The Big Difference Between Depression And Anxiety

Anxiety and depression are both incredibly common mental health issues. The World Health Organization states that more than 264 million people worldwide suffer from depression, making it the world's leading cause of disability. One in five adults (and one in four adolescents) also show symptoms of anxiety disorders, according to Mental Health America. And while some cases of anxiety and depression overlap, not all do.

Despite their prevalence, however, both conditions are often misunderstood. This usually comes in the form of confused statements like "everyone gets sad sometimes" and "worrying is normal". But misunderstandings can also come in the form of misidentification or even a belief that the conditions either depend on each other, or that they're the same. 

As the Mayo Clinic explains, depression can cause anxiety. And certain anxiety conditions like generalized anxiety disorder or a panic disorder can lead to depression. But they are distinct conditions with their own unique symptoms and treatments.

The biggest difference

The differences between anxiety and depression can be subtle. But there is one area where they differ greatly. The definitions used to distinguish the conditions are clear and they are the biggest difference between the two. According to Baylor College of Medicine, depression is defined as a loss of energy and zest for life. People with depression will often struggle to eat and will either sleep too much or find it hard to sleep. Depression also causes a deep sense of guilt or shame about a person's current life.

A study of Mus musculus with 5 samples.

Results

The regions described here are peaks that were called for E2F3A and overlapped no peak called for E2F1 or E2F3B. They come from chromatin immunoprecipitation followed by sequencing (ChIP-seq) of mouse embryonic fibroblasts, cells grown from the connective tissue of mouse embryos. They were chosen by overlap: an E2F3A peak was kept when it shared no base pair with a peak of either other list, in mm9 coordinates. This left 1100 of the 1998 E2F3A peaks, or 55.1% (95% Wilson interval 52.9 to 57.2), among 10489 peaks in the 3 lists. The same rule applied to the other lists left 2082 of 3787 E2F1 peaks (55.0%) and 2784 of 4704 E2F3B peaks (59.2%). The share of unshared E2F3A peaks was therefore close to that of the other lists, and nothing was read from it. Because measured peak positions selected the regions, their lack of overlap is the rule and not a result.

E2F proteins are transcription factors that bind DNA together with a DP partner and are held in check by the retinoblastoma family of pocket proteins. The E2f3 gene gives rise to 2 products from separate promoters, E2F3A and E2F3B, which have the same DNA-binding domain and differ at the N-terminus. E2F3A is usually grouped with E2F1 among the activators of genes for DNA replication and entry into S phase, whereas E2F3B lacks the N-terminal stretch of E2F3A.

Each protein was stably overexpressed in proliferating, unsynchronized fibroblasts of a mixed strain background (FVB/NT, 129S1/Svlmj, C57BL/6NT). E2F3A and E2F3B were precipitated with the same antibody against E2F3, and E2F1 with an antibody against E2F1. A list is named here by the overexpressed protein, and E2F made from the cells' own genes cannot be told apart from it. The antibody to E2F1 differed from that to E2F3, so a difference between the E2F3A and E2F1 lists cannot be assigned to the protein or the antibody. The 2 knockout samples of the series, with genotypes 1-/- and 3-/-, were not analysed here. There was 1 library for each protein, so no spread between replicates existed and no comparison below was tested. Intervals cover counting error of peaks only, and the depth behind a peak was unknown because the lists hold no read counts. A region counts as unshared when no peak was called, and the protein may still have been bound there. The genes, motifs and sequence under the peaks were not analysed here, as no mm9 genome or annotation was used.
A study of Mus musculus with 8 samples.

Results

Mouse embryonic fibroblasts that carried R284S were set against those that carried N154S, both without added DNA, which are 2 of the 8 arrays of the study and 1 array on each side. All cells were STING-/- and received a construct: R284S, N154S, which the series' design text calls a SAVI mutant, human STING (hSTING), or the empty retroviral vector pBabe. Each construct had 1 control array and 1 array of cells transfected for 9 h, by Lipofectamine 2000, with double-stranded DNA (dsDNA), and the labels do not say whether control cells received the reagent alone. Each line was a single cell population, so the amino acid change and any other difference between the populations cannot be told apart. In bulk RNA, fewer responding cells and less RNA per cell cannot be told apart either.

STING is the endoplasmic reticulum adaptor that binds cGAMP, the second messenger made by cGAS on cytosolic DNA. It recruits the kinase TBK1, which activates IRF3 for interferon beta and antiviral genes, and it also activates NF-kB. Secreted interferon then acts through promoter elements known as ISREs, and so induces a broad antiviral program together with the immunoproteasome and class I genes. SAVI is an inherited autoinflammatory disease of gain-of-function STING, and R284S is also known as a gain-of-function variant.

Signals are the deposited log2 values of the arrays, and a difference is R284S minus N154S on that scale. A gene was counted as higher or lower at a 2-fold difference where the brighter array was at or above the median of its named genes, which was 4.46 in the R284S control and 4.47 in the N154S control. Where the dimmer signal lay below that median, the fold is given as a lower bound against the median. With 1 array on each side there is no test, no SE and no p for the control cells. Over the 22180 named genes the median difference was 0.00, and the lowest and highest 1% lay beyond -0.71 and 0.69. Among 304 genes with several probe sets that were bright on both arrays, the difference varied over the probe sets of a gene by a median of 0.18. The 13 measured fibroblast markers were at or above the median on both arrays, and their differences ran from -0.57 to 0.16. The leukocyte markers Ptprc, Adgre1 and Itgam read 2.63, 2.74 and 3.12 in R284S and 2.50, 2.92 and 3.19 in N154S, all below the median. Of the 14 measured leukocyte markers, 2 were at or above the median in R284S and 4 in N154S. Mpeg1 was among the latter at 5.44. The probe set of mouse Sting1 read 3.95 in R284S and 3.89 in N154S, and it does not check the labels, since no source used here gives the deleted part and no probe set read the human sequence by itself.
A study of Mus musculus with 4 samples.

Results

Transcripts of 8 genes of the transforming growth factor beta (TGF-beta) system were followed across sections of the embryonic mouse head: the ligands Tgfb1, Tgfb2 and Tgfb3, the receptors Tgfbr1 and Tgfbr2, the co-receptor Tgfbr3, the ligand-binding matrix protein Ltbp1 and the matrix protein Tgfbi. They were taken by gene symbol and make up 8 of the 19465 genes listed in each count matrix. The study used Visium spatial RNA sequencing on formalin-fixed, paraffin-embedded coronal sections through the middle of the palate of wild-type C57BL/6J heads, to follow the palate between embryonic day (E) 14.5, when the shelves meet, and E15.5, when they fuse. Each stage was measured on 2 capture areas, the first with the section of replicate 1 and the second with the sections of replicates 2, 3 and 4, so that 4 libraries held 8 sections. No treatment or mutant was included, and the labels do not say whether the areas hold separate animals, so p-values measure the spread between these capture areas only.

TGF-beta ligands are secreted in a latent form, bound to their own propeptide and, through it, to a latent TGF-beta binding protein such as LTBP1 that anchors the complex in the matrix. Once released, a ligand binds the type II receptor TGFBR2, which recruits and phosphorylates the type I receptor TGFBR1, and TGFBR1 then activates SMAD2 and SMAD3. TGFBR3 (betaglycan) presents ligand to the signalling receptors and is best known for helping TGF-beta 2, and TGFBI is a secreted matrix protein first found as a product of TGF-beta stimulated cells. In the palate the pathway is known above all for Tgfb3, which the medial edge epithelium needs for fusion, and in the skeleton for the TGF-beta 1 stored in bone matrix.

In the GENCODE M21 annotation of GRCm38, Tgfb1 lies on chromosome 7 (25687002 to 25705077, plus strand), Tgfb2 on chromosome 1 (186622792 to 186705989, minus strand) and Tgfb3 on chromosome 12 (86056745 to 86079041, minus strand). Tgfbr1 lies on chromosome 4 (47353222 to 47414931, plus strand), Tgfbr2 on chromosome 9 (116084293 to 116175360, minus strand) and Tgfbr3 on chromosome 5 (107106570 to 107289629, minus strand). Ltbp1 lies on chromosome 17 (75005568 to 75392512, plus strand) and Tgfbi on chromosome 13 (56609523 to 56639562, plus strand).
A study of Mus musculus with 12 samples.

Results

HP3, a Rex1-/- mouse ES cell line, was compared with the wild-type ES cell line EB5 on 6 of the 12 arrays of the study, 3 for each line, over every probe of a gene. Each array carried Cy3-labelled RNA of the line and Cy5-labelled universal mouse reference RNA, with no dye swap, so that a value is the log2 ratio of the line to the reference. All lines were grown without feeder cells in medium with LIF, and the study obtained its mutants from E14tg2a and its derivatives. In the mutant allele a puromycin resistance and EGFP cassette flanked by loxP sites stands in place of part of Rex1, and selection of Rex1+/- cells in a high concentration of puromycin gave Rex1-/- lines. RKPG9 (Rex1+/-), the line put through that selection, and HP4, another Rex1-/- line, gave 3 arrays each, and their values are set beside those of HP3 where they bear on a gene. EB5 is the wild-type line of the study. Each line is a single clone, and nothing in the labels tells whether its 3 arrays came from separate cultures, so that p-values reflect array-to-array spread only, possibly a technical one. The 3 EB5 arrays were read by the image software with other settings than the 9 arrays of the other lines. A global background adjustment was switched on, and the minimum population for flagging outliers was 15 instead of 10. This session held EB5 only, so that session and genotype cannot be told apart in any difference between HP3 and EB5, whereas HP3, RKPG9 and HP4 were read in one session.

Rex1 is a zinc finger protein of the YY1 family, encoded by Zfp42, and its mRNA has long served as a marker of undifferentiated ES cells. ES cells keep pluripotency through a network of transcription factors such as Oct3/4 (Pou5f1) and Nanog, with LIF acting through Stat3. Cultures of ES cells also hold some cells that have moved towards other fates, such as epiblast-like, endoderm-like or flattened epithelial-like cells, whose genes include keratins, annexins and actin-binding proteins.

Anxiety, on the other hand, is focused on the future. Baylor College defines it as "excess future-oriented worry." In some cases anxiety involves fixating on ways a future milestone can go wrong or be derailed. In other cases this could mean a constant stream of images, thoughts, or ideas about horrible things that may happen and the ways those events can negatively affect a person's life. Anxiety can also set off an intolerance for uncertainty and change.

The CDC lists therapy and medication as treatment options for both conditions, though the therapy approach and medication used will vary from person to person. This variation can depend on which condition they have or if they suffer from both. 

If you or someone you know is struggling with mental health, please contact the Crisis Text Line by texting HOME to 741741, call the National Alliance on Mental Illness helpline at 1-800-950-NAMI (6264), or visit the National Institute of Mental Health website.